Strange as it may seem, or perhaps not, knowing it’s happening in Italy, the nation’s once union-friendly supposedly left-leaning PD democratic party is no longer union friendly.
Under the leadership of Matteo Renzi, the PD is locking horns with Italy’s unions. The unions are not at all happy that their old friends have suddenly turned on them and nor are some of the members of Renzi’s own party who must be experiencing something of an idealogical quandary. For now, though, the anti-Renzi’s are still on the former boy scout’s self-built Italy life-raft. How much longer they will stay aboard is an unknown but Italy’s politicians have been known to change idealogical hats at, er, the drop of a hat. Indeed, Italy’s ethically-challenged politicos may change ideologies several times during their long and exceptionally well-paid political careers. Now, it seems, an entire political party is swinging in a different ideological direction.
Traditional left-leaning PD voters must be wondering just what the heck is going on and one doubts many of them would vote for what they once believed was a party which stood for workers rights. Italy’s voters are rather fickle though, so who knows? It is not beyond the realms of possibility that right-leaning Italian voters may opt to vote for the ever more right leaning PD.
Propelling the swing to the right, is Matteo Renzi, the leader of the formerly left leaning PD party. Renzi is arguing that by forcing through certain reforms, he’ll free up Italy’s sludgy employment market and that this will both kick-start Italy’s depressed economy and make life easier for the nation’s workers who should be able to find work more easily.
Italy’s unions, on the other hand, disagree, and they believe the reforms will turn the clock in terms of employee rights all the way back to 1960s. Italy’s Article 18 “workers’ statute” came into existence in 1970 after extensive protests.
Article 18 protects Italy’s workers so effectively, it has put off many companies in Italy from offering employees permanent jobs. As a result, Italians have been ending up with short-term work contracts which tend to be poorly paid too. Rarely do these temporary contracts become permanent as it is far more cost effective to employ workers on a temporary basis and, of course, when contracts end, poorly performing employees can be sent packing. Even worthy employees may find themselves on the streets and I have seen this happen.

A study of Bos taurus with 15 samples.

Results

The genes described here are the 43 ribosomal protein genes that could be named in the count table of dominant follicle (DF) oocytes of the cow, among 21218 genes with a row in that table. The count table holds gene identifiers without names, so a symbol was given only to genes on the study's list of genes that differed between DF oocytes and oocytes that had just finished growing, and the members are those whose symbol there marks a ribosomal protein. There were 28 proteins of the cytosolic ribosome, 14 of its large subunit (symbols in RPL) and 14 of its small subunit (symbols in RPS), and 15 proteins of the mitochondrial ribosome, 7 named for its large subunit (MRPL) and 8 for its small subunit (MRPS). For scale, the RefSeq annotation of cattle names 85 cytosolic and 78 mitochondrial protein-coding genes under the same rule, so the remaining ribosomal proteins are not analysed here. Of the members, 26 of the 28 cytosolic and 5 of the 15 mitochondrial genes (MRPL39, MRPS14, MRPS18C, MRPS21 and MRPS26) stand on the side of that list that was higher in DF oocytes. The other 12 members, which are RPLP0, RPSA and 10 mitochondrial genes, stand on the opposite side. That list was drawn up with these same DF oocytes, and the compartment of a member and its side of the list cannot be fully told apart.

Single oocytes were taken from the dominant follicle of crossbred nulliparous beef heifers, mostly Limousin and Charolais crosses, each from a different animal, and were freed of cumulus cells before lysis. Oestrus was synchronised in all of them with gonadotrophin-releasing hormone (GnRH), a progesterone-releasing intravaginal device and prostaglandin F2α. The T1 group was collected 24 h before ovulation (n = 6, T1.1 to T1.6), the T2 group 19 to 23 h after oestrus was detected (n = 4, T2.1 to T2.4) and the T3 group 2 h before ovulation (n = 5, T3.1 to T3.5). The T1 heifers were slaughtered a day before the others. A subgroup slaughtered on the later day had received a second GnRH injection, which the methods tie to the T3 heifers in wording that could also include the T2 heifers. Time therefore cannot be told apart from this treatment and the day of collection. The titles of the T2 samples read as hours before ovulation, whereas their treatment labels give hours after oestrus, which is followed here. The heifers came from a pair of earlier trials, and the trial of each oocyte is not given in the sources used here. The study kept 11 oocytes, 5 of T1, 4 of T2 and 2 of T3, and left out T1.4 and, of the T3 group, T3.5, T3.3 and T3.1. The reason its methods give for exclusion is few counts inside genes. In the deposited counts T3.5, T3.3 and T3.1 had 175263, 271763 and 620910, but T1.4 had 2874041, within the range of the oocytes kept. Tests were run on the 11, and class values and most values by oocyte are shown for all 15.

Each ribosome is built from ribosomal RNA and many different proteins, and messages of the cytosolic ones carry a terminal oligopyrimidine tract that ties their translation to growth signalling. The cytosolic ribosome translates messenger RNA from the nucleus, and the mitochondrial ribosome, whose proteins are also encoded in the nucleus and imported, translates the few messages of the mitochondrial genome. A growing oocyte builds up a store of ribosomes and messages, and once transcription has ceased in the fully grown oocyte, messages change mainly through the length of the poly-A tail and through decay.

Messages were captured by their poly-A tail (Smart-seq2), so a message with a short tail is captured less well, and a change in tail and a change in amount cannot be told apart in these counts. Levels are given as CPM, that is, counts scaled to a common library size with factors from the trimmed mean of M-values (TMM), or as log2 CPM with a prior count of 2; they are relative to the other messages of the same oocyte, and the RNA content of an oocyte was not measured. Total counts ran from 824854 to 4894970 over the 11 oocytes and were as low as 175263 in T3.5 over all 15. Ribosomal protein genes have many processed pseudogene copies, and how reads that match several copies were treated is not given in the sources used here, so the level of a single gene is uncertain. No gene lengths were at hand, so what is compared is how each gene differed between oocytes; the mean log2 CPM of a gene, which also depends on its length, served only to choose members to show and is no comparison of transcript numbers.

The effects of the global crisis have made matters even worse sending levels of unemployment in Italy’s 15-24 age group to nearly 50%.
Something needs to change and it is believed by Italy’s government that by eliminating or reducing the effect of Article 18, the nation’s employment market will become more flexible. This is the primary objective of the Jobs Act. Whether this will actually happen remains to be seen, and some are unsure the Jobs Act will have the desired effect. Jobs Act or not, Italy’s tangles of red tape may also hinder the effectiveness of what is being touted as a landmark employment law reform.
Italy’s unions are extremely wary of either alterations to Article 18, or, heaven forbid, its repeal. If Article 18 goes, the unions’ fear is that Italy’s employers will fire employees willy-nilly and for whatever reason they can dream up.
On the other side of the coin, Italy’s employers tend to find the nation’s unions more of a hinderance than they should be. They do have a point. Although times have changed and businesses can no longer expect to be around for decades, Italy’s unions have not and do not appear to want to move with the times – they still seek to maintain the “job for life” ideal.
What Italy’s unions probably never expected was a challenge to their power coming from Italy’s political left. Unless, of course, that political left is no longer sitting on the left-hand side of the fence. Under the leadership of Matteo Renzi, Italy’s PD party is sliding ever more closer to the political right with which it has formed an alliance to govern Italy.
While one might expect a right-wing party to engage in union bashing, instead in topsy-turvy Italy, it’s Italy’s left which is taking on the unions. Could the United Kingdom’s Labour party have got away with turning on the trades unions? Unlikely. The UK’s Labour Party would not even have tried as it would know that its credibility would have reached zero in the eyes of its voters. Well, firstly, Italy is not the United Kingdom and secondly, after the Thatcher right effectively minimised union power, the Labour Party transformed into a beast which was less left-wing than ever before. The same is now happening in Italy except Italians did not vote for a party which is swinging to the political right. Indeed, nobody voted for Matteo Renzi at all.